One Good Thing
“Why didn’t we do this before?” she wonders one evening, through a screen.
We have long been scattered across the United States, friends from college who now celebrate love on the dance floor at friends’ weddings , who now dote on the babies and toddlers that join the crew. In these strange days of social distancing, the deep connections remain.
On Friday evenings these days, we hop on to a Zoom call. Spanning various ZIP codes and time zones, it dawns on us that we could have been doing this regularly all along. What used to be a rare celebratory occasion that would call us to the same geographic location is now the blessing and relief of a weekly video chat where there is no agenda except to be together (virtually). Why didn’t we do this before?
At some point, someone suggests that we share “one good thing” about our week. Even as we ask questions about the efficacy of face masks with the friend who is a doctor, even as we share anxieties about potential job losses, even as we describe new expectations at work and new challenges to parenting, this collection of “good things” remains. This practice of sharing one good thing leads to tangents and reminiscing of college antics. At times it is very loud, with shouts and giggles that are so familiar.
This collection of “one good thing” ranges from fun surprises in the mail to a family member’s funny antics over FaceTime to the return of sunshine to Wisconsin. And I know, deep down, that these good things were present prior to the pandemic. Did we care to notice? Why didn’t we do this before?
There’s something so sacred about sharing space, even if it is virtual, with others. We hold vigil, and it matters. There’s talk of due dates and maternity clothing and sharing of recipes. We bear witness to the pain and sorrow of the world, together in spirit while physically apart. Some are drinking a glass of wine while others (well, basically all of us) are wearing comfortable pajamas. We talk about “when all of this is over,” yet we have no idea when that will happen or what “over” really means.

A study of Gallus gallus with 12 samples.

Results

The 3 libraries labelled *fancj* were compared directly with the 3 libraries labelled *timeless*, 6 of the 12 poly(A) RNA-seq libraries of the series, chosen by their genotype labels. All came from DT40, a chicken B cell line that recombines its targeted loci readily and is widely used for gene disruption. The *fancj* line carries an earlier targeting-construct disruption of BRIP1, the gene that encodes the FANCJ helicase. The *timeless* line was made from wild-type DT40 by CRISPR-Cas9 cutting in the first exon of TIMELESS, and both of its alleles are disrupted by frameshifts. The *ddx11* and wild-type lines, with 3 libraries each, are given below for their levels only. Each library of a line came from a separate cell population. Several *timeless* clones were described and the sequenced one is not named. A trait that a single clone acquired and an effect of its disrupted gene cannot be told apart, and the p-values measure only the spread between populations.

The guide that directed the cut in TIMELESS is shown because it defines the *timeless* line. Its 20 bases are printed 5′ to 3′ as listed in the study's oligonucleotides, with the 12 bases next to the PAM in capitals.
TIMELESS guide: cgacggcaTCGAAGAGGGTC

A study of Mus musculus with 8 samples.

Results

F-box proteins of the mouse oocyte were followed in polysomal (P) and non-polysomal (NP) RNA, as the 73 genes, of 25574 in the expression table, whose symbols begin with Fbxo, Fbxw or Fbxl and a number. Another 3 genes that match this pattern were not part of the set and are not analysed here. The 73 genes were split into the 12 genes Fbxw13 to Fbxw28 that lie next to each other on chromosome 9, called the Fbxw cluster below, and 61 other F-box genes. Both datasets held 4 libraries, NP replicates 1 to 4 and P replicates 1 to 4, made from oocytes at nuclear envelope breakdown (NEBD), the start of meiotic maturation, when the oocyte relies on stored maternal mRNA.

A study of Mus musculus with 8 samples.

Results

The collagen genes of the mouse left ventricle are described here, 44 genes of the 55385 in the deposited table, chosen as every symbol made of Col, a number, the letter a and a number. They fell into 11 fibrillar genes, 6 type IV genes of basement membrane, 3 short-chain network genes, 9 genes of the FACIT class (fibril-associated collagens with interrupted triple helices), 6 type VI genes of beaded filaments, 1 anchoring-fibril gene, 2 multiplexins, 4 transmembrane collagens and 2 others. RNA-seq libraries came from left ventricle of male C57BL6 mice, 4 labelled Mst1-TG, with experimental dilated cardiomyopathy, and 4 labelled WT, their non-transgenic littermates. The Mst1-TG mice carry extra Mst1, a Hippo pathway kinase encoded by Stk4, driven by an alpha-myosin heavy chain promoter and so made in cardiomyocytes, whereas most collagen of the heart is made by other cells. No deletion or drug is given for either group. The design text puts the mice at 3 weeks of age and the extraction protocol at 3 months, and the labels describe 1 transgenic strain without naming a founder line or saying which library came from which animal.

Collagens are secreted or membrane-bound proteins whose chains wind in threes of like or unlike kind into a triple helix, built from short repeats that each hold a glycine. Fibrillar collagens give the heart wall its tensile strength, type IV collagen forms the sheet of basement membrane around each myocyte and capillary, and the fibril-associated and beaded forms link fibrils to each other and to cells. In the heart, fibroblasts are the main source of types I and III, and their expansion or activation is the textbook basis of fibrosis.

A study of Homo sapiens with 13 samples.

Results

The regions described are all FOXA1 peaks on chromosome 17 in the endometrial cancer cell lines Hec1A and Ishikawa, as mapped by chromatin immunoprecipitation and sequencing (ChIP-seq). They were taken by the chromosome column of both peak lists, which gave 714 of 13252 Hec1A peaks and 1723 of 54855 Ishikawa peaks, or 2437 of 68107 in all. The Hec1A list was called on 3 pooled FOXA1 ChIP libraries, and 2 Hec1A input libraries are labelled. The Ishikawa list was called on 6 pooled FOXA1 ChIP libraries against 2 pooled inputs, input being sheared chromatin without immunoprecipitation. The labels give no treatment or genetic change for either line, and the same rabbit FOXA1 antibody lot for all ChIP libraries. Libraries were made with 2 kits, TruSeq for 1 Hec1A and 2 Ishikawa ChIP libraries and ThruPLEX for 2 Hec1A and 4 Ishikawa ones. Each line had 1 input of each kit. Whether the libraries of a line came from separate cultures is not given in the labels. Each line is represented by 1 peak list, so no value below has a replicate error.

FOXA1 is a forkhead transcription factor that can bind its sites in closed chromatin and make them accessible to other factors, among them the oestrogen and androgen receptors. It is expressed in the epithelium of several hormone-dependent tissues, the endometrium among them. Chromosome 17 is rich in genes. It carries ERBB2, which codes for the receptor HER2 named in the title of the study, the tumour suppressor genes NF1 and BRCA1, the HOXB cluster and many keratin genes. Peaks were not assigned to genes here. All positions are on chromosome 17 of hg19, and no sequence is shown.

Somehow, the world keeps turning. I get to hear how a friend, a first-time mom, is coping with sleep training. I learn of the silly things another friend’s toddler utters at the dinner table. I see faces through a screen that bring welcome company to solo living.
My prayer is that we keep seeking these meaningful connections long after safer at home orders are lifted. May we keep cheering for emergency room doctors and third-shift nurses, and respect and celebrate the unsung, everyday heroes and heroines who deliver the mail, stock the grocery shelves, and clean every surface in a building. May we recognize that daily walks in a neighborhood can happen regardless of a pandemic, and that our lives are mixes of deep sorrow and joy. May we savor “the one good thing” of our days and keep connections with old friends and loved ones scattered across the world as we adapt to a new normal.
Lisa Cathelyn is director of campus ministry at Alverno College. This reflection appears in the spring/summer 2020 issue of Alverno Magazine.